This case takes place in Maryland and involves a male patient who underwent a laparoscopic gastric bypass performed by the defendant. The operative note appears to be without incident and no complications were noted. Post-operatively, the patient complained of severe abdominal pain after taking pain medications. The surgeon on call was notified and she was given additional pain medications, but the patient continued to complain of elevated pain throughout the night. The surgeon on call was again notified and additional pain medications were ordered. The next morning, the defendant requested imaging of the patient’s abdomen be performed, at which point a bowel obstruction was identified. The Defendant returned the patient to the operating room, where he was diagnosed with an ischemic bowel. The surgeon documented that patient had an extremely short small intestine. The patient continues to suffer from intra-abdominal infections and has experienced a severely diminished quality of life.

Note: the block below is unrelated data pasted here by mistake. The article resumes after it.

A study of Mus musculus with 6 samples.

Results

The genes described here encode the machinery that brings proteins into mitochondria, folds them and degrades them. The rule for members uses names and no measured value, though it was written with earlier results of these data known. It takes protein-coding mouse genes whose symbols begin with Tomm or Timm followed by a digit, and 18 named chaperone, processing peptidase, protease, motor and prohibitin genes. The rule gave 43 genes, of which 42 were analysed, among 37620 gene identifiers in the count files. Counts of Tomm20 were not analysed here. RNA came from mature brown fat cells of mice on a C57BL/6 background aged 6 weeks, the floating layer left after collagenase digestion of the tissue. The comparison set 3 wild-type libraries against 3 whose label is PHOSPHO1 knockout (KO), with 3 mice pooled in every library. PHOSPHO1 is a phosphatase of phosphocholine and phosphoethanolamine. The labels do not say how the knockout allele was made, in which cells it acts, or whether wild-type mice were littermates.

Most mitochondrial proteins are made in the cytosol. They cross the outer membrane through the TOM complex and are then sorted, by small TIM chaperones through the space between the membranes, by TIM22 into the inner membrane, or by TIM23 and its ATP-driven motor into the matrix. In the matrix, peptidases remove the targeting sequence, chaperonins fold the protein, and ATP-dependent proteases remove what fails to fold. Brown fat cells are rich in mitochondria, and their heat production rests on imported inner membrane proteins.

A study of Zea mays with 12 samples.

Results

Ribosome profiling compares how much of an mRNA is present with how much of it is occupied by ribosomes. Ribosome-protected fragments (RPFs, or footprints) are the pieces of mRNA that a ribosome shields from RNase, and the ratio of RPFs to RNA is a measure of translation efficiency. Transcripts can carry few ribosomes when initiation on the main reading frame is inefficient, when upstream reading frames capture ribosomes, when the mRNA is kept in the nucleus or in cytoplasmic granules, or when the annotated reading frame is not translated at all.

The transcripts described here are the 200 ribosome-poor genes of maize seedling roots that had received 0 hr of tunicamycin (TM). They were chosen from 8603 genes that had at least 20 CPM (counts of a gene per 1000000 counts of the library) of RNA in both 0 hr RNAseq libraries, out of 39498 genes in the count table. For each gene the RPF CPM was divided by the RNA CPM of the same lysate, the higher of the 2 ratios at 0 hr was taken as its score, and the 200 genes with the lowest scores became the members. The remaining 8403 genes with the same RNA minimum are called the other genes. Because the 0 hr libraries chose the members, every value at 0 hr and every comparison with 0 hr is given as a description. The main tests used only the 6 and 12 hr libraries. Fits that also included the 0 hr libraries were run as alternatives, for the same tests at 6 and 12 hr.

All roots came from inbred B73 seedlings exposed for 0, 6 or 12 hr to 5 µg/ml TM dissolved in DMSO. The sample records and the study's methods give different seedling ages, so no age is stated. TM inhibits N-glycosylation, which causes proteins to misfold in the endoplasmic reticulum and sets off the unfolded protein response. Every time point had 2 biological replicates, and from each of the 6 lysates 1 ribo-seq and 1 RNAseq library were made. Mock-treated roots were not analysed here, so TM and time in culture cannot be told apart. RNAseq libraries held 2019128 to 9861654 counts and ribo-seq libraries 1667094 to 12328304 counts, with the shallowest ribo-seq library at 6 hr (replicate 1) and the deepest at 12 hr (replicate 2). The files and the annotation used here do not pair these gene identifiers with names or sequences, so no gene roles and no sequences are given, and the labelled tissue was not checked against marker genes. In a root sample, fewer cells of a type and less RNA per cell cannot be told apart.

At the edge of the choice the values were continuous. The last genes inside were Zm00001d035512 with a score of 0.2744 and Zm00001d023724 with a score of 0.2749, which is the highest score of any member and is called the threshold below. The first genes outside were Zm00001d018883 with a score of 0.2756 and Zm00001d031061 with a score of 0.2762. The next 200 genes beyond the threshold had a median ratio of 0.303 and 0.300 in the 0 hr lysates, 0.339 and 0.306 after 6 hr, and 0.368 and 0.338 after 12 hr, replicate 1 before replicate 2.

Question(s) For Expert Witness
- 1. Do you have extensive experience performing Roux-en-Y gastric bypass surgery?
- 2. What steps should be taken after patient complains of extreme pain and hypertension post surgery?
- 3. Are you familiar with the necessary steps when patient complains of the above symptoms?
Expert Witness Response E-001161
I am a fellowship-trained bariatric surgeon, and I regularly perform Roux-en-Y gastric bypass surgery. This patient’s BMI is not very high, which makes this complication more unfortunate, and less comprehensible. Likely, there either was an intra-operative complication such as inappropriate twisting of bowel, or pre/post-operative complication such as inappropriate anticoagulation. Pain in the setting of hypertension should be carefully examined, and appropriate imaging studies as well as laboratory evaluations are necessary to determine the cause of the pain. We are a tertiary center and we do take care of patients with similar issues from other institutions.